OTTAWA - Daniel Alfredsson will have a house guest for at least a little while longer after the Senators confirmed Wednesday that Swedish rookie Erik Karlsson will start the new NHL season with Ottawa.

"It's a dream come true. I've been working for this since the day I got drafted," said the 19-year-old Karlsson, who was taken under the wing of fellow Swede Alfredsson during his first NHL training camp.

The Senators captain has even opened his home to the young defenceman.

"I've been working hard to be here this year and I just hope I can continue to develop and play good the first few games and hopefully I get the chance to stay here the whole season," Karlsson said following the team's workout Wednesday in preparation for its season-opener in New York against the Rangers on Saturday.

On Tuesday, the Senators demoted Brian Lee, who played 53 NHL games last season, and veteran Christoph Schubert to Binghamton of the AHL, clearing the way for Karlsson and longtime AHLer Matt Carkner to join the team's defence corps.

Ottawa had already lost blue-liner Jason Smith to retirement and Brendan Bell, who signed with the St. Louis Blues, during the off-season.

"I think we have a better mix and I think that's an important thing to have," Senators coach Cory Clouston said of the new-look blue-line in Ottawa. "When you look at guy like Erik Karlsson, he's a completely different player than Matt Carkner.

"Erik's going to definitely help us out on the offence, on the power play. But Matt's basically the exact opposite. He's going to help on the penalty kill, in physical presence, in the toughness department."

The swift-skating Karlsson has been billed as an offensive defenceman in the making after being selected with Ottawa's first-round pick (15th overall) in 2008.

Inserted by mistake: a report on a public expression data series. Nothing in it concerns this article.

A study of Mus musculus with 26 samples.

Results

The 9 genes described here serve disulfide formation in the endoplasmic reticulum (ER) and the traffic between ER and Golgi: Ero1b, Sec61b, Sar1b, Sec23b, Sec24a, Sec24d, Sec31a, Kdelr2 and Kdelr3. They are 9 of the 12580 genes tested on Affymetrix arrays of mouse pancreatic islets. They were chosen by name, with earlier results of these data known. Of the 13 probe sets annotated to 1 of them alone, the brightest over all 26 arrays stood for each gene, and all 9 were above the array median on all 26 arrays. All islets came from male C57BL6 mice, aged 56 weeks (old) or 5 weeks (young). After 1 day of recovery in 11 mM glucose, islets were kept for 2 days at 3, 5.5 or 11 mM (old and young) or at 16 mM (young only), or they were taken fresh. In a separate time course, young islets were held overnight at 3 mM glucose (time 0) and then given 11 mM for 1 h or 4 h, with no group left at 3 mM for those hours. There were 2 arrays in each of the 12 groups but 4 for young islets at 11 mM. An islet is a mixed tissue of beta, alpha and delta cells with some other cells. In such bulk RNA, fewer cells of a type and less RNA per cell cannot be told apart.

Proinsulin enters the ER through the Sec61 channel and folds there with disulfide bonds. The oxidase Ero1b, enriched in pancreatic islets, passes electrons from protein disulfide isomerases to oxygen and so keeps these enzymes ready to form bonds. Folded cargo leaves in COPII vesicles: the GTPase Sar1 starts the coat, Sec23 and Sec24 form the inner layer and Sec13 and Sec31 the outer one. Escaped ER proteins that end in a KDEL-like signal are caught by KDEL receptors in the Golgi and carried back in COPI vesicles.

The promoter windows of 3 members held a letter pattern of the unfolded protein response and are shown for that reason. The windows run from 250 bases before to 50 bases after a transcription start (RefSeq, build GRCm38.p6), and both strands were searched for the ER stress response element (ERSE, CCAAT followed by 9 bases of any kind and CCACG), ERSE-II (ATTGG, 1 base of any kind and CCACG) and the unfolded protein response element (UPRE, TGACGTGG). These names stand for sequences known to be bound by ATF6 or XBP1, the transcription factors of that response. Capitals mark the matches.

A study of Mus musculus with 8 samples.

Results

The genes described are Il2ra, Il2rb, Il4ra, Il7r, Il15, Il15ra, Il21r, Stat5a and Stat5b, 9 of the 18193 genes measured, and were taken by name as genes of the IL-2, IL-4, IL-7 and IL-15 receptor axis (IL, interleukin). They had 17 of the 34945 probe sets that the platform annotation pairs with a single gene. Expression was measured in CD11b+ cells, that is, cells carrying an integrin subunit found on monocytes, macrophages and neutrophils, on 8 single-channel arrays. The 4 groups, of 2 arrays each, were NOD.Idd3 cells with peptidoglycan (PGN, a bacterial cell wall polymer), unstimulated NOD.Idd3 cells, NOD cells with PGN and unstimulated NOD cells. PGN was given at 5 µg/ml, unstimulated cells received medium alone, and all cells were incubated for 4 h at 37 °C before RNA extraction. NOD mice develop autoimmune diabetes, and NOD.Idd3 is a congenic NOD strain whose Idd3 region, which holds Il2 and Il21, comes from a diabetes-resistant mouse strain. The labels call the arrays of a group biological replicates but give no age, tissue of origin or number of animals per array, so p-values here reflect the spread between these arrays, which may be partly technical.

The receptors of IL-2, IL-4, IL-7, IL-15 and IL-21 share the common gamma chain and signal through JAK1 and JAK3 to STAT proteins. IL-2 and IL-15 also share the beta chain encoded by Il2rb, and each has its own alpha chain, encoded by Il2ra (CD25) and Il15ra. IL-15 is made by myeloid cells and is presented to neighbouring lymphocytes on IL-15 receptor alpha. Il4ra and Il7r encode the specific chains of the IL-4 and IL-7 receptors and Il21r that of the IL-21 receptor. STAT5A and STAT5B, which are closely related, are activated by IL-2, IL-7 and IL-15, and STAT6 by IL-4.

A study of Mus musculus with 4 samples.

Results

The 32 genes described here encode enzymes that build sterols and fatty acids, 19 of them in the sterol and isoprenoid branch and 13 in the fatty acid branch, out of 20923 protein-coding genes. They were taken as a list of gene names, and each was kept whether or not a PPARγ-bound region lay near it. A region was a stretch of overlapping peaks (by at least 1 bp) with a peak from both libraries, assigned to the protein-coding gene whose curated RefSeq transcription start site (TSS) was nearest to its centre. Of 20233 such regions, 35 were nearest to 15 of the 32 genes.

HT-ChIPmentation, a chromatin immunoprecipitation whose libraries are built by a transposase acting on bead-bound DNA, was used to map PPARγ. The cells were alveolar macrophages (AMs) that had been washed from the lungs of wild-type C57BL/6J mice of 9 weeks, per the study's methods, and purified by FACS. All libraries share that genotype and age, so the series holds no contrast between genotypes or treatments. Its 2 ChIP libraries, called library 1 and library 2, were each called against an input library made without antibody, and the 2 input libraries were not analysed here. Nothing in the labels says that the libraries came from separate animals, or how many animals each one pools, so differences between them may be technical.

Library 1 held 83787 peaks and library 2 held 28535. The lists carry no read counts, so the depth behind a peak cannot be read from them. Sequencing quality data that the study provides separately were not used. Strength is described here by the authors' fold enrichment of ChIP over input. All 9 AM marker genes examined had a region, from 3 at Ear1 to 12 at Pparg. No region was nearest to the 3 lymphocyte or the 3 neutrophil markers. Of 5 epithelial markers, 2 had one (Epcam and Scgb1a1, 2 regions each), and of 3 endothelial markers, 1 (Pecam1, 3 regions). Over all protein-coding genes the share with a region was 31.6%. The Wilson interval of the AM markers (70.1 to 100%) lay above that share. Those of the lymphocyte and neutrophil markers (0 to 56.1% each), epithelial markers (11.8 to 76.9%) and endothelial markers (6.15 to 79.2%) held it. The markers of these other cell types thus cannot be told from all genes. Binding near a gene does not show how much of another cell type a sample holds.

He was under contract to Frolunda of the Swedish Elite League for last season, but the Senators and fans in Canada's capital got a chance to see what he could do when he was named top defenceman for Sweden at the world junior championship in Ottawa.

Although there were concerns over his size - he's listed at five foot 11, 175 pounds - he held his own through the pre-season, effectively pushing the 22-year-old Lee, the ninth-overall pick in 2005, out the door.

"I felt pretty good on the ice and off the ice," said Karlsson, who'll likely be paired with Filip Kuba to start the year. "When (Senators general manager) Bryan Murray and Cory talked to me, I had a feeling I might start here. But it's far from over, I still have nine games now to prove I'm worthy of staying here and I'll do everything I can to stay and play here the whole year."

Much like the situation in Pittsburgh, where Sidney Crosby has a mentor in landlord and Penguins owner Mario Lemieux, it was by design that Karlsson took up residence with Alfredsson, his wife Bibi and their three children, Hugo, 6, Loui, 3, and Fenix, 1, in suburban Ottawa.

"He's been here for a lot of years now. Just by staying at his house, I can see how he really is and he's a great person and I think he's one of the most respected players in this league right now," Karlsson said of the 36-year-old Alfredsson.

"He's done so much for me, especially off the ice. He talks to me a lot and asks me how I feel and he tells me things that I need to do and things I shouldn't do. He's been really good to me and it's been a lot of help for me that he's here."

Alfredsson, who's been kept busy playing video-game golf with Karlsson, said having an injection of new blood in the Senators lineup is a good thing.

"That's probably one of the best things about this job," Alfredsson said. "You're surrounded by young people and their enthusiasm, seeing how naive they are at times, as well. It's a lot of fun and you draw a lot from their energy."

Carkner, meanwhile, simply persevered after years spent toiling in the minors.

The native of Winchester, Ont., just outside of Ottawa, has two games of NHL experience since being drafted by Montreal in 1999.

"It's a great feeling just being here and being able to prove myself out of training camp," he said. "Eight years of (pro) hockey and I've played two games I'm pretty excited and stoked to be here, for sure."

At six foot four, 231 pounds, he brings some much-needed toughness to a Senators lineup that, outside of middleweight forward Chris Neil, lacks an intimidating physical presence.

"I'm just a hard worker," Carkner said. "You're not going to see too many fancy passes out of me."